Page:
President-elect Donald Trump is filling his Twitter feed like the campaigner of old even while racing to fill senior positions in his administration.
Trump was meeting Saturday with one of his sharpest Republican critics of the campaign, 2012 presidential candidate Mitt Romney, at Trump's golf club in New Jersey, and on Sunday with two leading supporters, New Jersey Gov. Chris Christie and former New York mayor Rudy Giuliani. During the campaign, Romney called Trump a "con man" and a "fraud," while Trump repeatedly called Romney a "loser."
But first came a tweetstorm. The president-elect rushed to the defense of Mike Pence on Saturday after "Hamilton" actor Brandon Victor Dixon challenged the incoming vice president from the Broadway stage after the show Friday night. "Apologize!" Trump tweeted to the actor. "Our wonderful future V.P. Mike Pence was harassed last night at the theater by the cast of Hamilton, cameras blazing. This should not happen!"
Dixon tweeted back: "Conversation is not harassment sir. And I appreciate @Mike_Pence for stopping to listen."
Trump also bragged on Twitter about agreeing to settle a trio of lawsuits against Trump University, claiming: "The ONLY bad thing about winning the presidency is that I did not have the time to go through a long but winning trial on Trump U. Too bad!"
On Friday, Trump picked Alabama Sen. Jeff Sessions for attorney general and Kansas Rep. Mike Pompeo to head the CIA, signaling a sharp rightward shift in U.S. security policy as he begins to form his Cabinet.
Trump also named retired Lt. Gen Michael Flynn as his national security adviser. A former military intelligence chief, Flynn has accused the Obama administration of being too soft on terrorism and has cast Islam as a "political ideology" and driver of extremism.
The selections form the first outlines of Trump's Cabinet and national security teams. Given his lack of governing experience and vague policy proposals during the campaign, his selection of advisers is being scrutinized both in the U.S. and abroad.
Trump's initial decisions suggest a more aggressive military involvement in counterterror strategy and a greater emphasis on Islam's role in stoking extremism. Sessions, who is best known for his hardline immigration views, has questioned whether terrorist suspects should benefit from the rights available in U.S. courts. Pompeo has said Muslim leaders are "potentially complicit" in attacks if they do not denounce violence carried out in the name of Islam.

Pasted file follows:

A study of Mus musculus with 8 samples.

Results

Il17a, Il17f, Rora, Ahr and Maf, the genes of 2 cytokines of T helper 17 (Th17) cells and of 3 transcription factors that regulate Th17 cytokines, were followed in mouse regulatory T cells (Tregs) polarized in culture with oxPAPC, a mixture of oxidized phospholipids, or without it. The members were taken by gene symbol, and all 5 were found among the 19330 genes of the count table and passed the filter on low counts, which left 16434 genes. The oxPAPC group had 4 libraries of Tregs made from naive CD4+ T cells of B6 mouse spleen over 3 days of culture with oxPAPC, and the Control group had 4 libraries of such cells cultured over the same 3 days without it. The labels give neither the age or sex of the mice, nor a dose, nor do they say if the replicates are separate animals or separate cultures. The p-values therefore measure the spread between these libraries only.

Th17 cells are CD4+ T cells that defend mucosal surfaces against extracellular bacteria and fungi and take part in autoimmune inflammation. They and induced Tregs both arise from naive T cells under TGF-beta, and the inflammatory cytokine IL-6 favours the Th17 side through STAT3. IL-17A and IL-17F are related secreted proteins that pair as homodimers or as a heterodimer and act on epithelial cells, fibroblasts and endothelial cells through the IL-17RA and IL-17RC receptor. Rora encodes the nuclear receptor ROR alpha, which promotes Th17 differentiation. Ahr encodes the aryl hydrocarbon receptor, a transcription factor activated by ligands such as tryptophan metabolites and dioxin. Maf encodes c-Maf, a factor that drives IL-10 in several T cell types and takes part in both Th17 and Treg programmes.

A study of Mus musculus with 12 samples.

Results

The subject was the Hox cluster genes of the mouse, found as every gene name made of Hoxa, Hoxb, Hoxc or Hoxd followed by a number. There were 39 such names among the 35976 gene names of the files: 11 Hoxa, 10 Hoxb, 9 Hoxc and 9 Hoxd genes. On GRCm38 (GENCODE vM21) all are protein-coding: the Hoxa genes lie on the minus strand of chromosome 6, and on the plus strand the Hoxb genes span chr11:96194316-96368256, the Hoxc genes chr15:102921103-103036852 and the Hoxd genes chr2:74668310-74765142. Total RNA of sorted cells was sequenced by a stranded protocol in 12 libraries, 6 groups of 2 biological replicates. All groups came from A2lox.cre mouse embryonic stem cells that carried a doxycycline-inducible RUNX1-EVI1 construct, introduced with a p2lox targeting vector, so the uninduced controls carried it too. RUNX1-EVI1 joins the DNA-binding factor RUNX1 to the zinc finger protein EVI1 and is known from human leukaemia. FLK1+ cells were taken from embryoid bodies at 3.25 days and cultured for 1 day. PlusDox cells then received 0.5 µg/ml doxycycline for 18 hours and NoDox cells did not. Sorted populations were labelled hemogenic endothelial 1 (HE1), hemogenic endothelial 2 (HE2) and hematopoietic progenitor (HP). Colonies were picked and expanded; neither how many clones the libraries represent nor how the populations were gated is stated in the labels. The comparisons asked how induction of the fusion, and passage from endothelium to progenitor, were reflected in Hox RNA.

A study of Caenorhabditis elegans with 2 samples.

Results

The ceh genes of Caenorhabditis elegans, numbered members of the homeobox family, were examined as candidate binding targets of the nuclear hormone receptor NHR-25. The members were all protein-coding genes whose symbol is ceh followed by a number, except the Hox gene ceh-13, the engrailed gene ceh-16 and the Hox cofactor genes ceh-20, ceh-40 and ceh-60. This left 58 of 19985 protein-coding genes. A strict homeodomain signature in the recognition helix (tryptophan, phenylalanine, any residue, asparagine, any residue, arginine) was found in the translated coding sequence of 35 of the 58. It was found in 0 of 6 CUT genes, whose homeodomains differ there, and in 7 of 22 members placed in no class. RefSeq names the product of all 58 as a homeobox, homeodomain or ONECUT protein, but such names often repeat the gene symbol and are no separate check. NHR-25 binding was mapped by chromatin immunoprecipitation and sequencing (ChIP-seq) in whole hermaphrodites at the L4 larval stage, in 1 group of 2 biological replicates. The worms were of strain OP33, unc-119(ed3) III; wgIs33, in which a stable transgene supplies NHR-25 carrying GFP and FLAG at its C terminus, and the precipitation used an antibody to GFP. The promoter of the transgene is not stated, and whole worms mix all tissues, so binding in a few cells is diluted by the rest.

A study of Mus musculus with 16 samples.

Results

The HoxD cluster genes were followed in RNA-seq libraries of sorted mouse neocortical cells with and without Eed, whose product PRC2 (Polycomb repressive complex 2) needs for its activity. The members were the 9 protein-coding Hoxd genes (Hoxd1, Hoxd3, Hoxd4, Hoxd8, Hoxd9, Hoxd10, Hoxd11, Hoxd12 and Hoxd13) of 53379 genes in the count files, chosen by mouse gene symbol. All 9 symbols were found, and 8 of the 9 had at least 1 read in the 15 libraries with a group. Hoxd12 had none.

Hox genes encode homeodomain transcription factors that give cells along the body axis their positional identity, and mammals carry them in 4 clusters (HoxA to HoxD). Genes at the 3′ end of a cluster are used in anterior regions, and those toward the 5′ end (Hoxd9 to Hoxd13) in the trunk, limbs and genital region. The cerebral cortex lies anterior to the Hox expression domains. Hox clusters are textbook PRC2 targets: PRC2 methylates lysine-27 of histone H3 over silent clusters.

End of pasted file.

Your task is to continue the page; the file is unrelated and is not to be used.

Pompeo's nomination to lead the CIA also opens the prospect of the U.S. resuming torture of detainees. Trump has backed harsh interrogation techniques that President Barack Obama and Congress have banned, saying the U.S. "should go tougher than waterboarding," which simulates drowning. In 2014, Pompeo criticized Obama for "ending our interrogation program" and said intelligence officials "are not torturers, they are patriots."
Sessions and Pompeo would both require Senate confirmation; Flynn would not.
In a separate matter Friday, it was announced that Trump had agreed to a $25 million settlement to resolve three lawsuits over Trump University, his former school for real estate investors. The lawsuits alleged the school misled students and failed to deliver on its promises in programs that cost up to $35,000.
Trump has denied the allegations and had said repeatedly he would not settle. New York Attorney General Eric Schneiderman, who announced the settlement, called it "a stunning reversal by Donald Trump and a major victory for the over 6,000 victims of his fraudulent university."
Trump tweeted to his 15 million followers Saturday that he only settled to better focus on leading the U.S.
On Friday night, Pence became the latest celebrity to attend the Broadway hit show "Hamilton" — but he was the first to get a direct message from a cast member from the stage.
Dixon, who plays Aaron Burr, the nation's third vice president, recited a message from the stage: "We, sir, are the diverse America who are alarmed and anxious that your new administration will not protect us, our planet, our children, our parents, or defend us and uphold our inalienable rights." He went on: "We truly hope this show has inspired you to uphold our American values, and work on behalf of all of us."
Pence's appearance at the show was tense from the outset, drawing cheers and boos as he arrived. Pence ducked out before Dixon finished but heard the rest of the remarks in the hallway.
Trump is still weighing a range of candidates for other leading national security posts. Possibilities for secretary of state are said to Giuliani, former U.N. Ambassador John Bolton, Tennessee Sen. Bob Corker and South Carolina Gov. Nikki Haley, who met with Trump on Thursday.
Most of Trump's nominees are expected to be confirmed relatively easily given the GOP majority in the Senate. However, potential roadblocks exist, particularly for Sessions, the first senator to endorse Trump and one of the chamber's most conservative members.
His last Senate confirmation hearing, in 1986 for a federal judgeship, was derailed over allegations that he made racist comments, including calling a black assistant U.S. attorney "boy" in conversation. Sessions denied the accusation, but withdrew from consideration.
Pace reported from Washington. Associated Press writers Mark Kennedy, Errin Whack, Catherine Lucey, Jill Colvin, Stephen Braun, Robert Burns and Jack Gillum and Elliot Spagat in San Diego contributed to this report.